Just like that, I’d walked out of your house.
For 15 months, I’d called you mother and you’d called me your caat (“youngest child”). After giving birth to and raising 11 of your own, biological children, you found space in your home and your heart for another. But this caat had not a single thing – neither language nor culture nor religion – in common with you. A devout Muslim knowing I was a Christian, you took me in. Just like that, you’d taken me in, knowing that I’d surely eventually leave and without knowing how long I’d be in your home. And after 15 months of living under your roof, just like that, the day had come for me to leave.
I’d paid you monthly rent – and relatively generously at that. But rather than simply extending to me the rights of a tenant, you’d given me the privileges of both a guest and your child. We’d have our daily morning chats on your bed. I’d come downstairs after waking up, to greet you. You’d tell me to sit down, and unless I was in a hurry to go somewhere, I would because I could tell you wanted me to. We would chat. Maybe there was some news being talked about on the Wolof radio for you to talk about with me, or a Muslim practice for me to ask you about (“The bread with the black markings on it is for …”), or a cultural cue for you to discreetly give me (“If you have time someday this week, you should go visit _____”). Occasionally I’d accompanied you to the market and you’d proudly introduce me as your caat to your friends there.
You’d had no reason to understand me or where I’d come from. Sometimes you obviously didn’t. Sometimes your lack of understanding had driven me to tears. But other times, you seemed to understand completely that I wouldn’t know something and would need you to tell me. When I’d told you what day the following week I’d have to move out, you’d caught me off guard by giving me a piece of cloth and set of jewelry. You’d bought them ahead of time without knowing exactly when I’d leave. As I looked at the gifts and marveled at how beautifully tasteful they were, and how I might have picked them out myself unlike many of the styles of your country, I’d had to fight back the tears. After 15 months of seeing your caat from a different country, you’d managed to figure something out about my taste. And maybe you could see my tears or hear them in my words of thanks, because you changed the subject and we talked about something else.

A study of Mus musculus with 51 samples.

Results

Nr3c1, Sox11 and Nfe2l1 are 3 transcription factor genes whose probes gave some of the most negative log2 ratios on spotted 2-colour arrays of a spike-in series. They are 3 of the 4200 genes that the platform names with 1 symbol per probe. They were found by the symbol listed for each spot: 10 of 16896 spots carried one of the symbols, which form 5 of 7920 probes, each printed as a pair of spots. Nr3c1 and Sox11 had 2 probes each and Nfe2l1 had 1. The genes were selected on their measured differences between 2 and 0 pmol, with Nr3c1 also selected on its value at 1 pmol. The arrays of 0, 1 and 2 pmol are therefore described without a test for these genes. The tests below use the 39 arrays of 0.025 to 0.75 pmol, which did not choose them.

Your family and friends had been telling me that you’d especially miss me because there wouldn’t be anyone to chat with you and keep you company. Just like that, it was past 6AM and I needed to get on the road. I went downstairs to find your door closed; you hadn’t woken up yet. I felt torn; on one hand I wanted to wait for you to wake up so we could have one more morning chat. But I also wanted to slip out unnoticed while I had the chance, avoiding yet another goodbye. And so just like that, I continued past your room and to the door. I told the house help to tell you I’d gone, and just like that, your caat walked out of your house.